Published: 28th July 2016
The owners of the 37 acre Wolverton Works St Modwen, and their tenants Knorr-Bremse who operate the railway works, have blocked the erection of a War Memorial remembering the 213 Wolverton Works’ staff who died in World War 1. For some reason, the London & North Western Railway did not erect a Memorial as they did at every other major location.
Three years ago, some Wolverton Works’ staff and the local community decided to raise funds for the Memorial and hoped to unveil it in July, the 100th anniversary of the Battle of the Somme. Wolverton people in their 80s and 90s are keen to see this Memorial as they recall their parents’ memories of the war (37 Wolverton men died at or as a result of The Somme) but the numbers of these people is obviously reducing as age catches up with them.
Funds were raised by limited tours round the Works, talks and sales of a 68 page book celebrating the Works’ 175th anniversary in September 2013. Knorr-Bremse, who bought the rail operation in August 2013 kindly pledged to double any money raised which they fulfilled making the memorial possible.
By the end of 2015, enough money had been raised and the Memorial was made with the 213 names engraved on a stone slab measuring 1.8 metres high by 2.3 metres wide.
The local community is currently particularly annoyed about the Memorial as it has been ready for erection since January 2016 and St Modwen wrote on 13 April saying they could not help and it was up to Knorr-Bremse (KB) their German tenants to arrange. But in a letter dated 27 May, KB wrote they were not allowing the Memorial to be placed by the Works.
The local press, television and radio news have reported on this and Wolverton’s MP, Mark Lancaster, Minister for Armed Forces and Veterans, has taken up the issue of the War Memorial on behalf of his constituents. It is thought that the possible demolition of the Works may be the reason St Modwen and KB have decided to ignore this subject. And as he and others say, its not beyond the wit of man to relocate the Memorial if needs be in a few years. But of course by then, the numbers of the elderly who are just one generation from WW1 may well be very low if any.
In October 2015, Rail.co.uk editor Phil Marsh was asked by KB to help as their heritage advisor to document and determine what historic railway artefacts should be saved and announced this to the local media. A visit was undertaken on 26 November to the derelict 150 year old cavernous workshops to photograph them and their contents.
One room contained hundreds of wooden patterns, untouched for over 30 years while other areas contained spare parts for carriages used on preserved railways today. Knorr-Bremse also showed the hole in a wall and gap in a perimeter fence where they said trespassers gained access to these buildings.
In February 2016, the KB Communications Manager Nick Brailey agreed an action plan to conserve the artefacts with Mr Marsh and also how to manage the trespass and vandalism issues on the 38-acre site. This was confirmed in an email exchange and finally a phone conversation on 15 February but after that, nothing was heard.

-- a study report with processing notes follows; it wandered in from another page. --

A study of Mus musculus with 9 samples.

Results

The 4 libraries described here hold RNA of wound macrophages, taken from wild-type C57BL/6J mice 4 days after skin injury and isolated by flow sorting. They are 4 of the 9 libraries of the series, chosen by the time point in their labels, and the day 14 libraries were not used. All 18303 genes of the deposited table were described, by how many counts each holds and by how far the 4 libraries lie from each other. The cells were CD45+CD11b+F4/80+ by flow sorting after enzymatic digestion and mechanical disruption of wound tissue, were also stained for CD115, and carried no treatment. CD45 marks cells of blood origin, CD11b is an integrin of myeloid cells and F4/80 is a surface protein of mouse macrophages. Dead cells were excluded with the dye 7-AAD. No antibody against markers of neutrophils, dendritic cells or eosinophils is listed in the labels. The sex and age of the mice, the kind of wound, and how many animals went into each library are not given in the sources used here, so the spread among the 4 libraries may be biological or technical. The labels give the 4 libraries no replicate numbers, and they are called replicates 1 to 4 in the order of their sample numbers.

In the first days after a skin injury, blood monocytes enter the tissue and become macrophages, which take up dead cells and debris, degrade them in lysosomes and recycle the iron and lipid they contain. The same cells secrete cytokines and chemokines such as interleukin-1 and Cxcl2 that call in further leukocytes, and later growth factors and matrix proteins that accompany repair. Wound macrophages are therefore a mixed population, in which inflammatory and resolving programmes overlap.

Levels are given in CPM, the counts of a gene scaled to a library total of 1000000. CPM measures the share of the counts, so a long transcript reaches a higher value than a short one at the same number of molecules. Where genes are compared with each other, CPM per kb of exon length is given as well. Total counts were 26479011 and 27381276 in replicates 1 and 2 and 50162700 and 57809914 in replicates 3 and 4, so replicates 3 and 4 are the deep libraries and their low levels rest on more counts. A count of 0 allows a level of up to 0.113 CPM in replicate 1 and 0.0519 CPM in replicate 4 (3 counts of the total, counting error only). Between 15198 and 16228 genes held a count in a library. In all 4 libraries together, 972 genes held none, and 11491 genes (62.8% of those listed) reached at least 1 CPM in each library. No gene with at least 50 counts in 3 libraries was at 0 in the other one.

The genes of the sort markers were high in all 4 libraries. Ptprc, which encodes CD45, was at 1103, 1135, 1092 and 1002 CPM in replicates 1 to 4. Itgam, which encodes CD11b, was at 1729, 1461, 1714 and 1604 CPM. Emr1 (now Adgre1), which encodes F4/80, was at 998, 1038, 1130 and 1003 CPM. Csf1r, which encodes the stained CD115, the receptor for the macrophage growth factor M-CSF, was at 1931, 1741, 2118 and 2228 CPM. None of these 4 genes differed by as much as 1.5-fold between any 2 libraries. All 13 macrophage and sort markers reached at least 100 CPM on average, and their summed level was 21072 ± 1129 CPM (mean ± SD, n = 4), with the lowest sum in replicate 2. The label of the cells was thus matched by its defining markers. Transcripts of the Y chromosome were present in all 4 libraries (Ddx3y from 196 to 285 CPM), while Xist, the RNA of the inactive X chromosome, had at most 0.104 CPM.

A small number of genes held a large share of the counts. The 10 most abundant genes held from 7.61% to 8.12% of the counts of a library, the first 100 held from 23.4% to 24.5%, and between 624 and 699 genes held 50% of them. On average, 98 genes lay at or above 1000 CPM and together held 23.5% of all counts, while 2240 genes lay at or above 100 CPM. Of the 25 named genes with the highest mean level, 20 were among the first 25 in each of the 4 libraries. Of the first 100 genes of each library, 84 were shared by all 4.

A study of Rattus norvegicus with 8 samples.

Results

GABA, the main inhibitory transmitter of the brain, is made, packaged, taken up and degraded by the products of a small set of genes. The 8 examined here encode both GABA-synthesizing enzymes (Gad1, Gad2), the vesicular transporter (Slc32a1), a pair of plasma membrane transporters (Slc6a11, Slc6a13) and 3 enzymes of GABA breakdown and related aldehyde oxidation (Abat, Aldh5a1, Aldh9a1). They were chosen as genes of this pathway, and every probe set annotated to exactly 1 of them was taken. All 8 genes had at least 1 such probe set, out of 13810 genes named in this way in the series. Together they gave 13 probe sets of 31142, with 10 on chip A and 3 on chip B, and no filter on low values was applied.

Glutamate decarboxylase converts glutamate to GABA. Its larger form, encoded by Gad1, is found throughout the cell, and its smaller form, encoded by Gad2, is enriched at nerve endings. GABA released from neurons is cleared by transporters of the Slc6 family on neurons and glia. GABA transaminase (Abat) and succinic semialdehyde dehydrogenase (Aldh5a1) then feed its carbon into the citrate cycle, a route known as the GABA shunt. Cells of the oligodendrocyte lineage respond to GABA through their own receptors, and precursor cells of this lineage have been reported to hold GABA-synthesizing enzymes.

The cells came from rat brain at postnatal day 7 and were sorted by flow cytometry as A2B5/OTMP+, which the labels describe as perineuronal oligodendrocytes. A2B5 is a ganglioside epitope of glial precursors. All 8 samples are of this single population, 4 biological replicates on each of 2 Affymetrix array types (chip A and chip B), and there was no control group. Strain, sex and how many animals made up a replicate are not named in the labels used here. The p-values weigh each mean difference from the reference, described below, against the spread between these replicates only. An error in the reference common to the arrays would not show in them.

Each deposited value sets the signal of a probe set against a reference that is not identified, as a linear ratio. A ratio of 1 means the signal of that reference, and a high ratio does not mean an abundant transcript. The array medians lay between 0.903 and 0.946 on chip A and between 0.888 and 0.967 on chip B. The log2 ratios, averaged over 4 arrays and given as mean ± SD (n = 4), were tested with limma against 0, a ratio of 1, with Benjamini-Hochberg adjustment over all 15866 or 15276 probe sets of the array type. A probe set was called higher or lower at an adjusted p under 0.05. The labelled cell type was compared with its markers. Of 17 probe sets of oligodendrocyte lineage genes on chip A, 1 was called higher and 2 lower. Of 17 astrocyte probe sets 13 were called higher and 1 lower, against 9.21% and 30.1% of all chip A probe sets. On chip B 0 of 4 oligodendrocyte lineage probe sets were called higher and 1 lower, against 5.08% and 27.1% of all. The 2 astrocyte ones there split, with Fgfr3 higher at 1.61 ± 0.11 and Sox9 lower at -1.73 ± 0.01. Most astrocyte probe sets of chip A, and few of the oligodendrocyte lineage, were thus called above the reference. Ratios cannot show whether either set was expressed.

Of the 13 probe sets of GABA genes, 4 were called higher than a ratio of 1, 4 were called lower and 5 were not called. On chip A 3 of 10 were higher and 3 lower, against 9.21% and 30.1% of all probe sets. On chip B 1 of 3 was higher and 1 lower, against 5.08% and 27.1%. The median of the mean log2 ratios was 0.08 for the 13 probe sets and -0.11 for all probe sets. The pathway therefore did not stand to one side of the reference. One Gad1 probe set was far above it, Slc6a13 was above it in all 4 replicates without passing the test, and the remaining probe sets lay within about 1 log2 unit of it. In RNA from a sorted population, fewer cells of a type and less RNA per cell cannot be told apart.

A letter was hand delivered to the KB Managing Director, Nick Fitzwater on 18 May during a visit to the Works by a professional railway institute. This raised several issues such as the artefacts and trespass and vandalism management, asking who would be responsible for injury or death of ‘urban explorers’ in the derelict buildings.
Mr Fitzwater replied on 27 May writing ‘that KB has an action plan relating to the derelict buildings and artefacts’ St Modwen was also asked about who was responsible for any injuries or fatalities by trespassers and they clearly replied that their tenants KB were liable as they were responsible for security.
On 6 June a group of young children were spotted on the tracks inside the Works and on the Network Rail tracks outside the Works. They had been playing football on the concrete area at the edge of the Works minutes before the Royal Train was due to leave to collect HM The Queen who was using it to go to Cardiff.
Knorr-Bremse said in a written statement to ITN Anglia News that there was no evidence that the children had been on their property. This was disingenuous as they were clearly seen there before being photographed a few minutes later on the Network Rail tracks outside the Works.
Then on July 3, more serious trespassers entered the Works and vandalised a carriage which was under repair. It has been reported locally that two 16-year-old boys from London and a 15-year-old girl from Milton Keynes have been arrested on suspicion of criminal damage and burglary. One of the boys has also been arrested on suspicion of possession of a knife blade/sharp pointed article in a public place. The two boys have been bailed until August 17 and August 19, and the girl has been bailed until August 18.
St Modwen and Knorr-Bremse announced on 20 July that they had a plan for the artefacts but they have so far declined to reveal any details of the plan.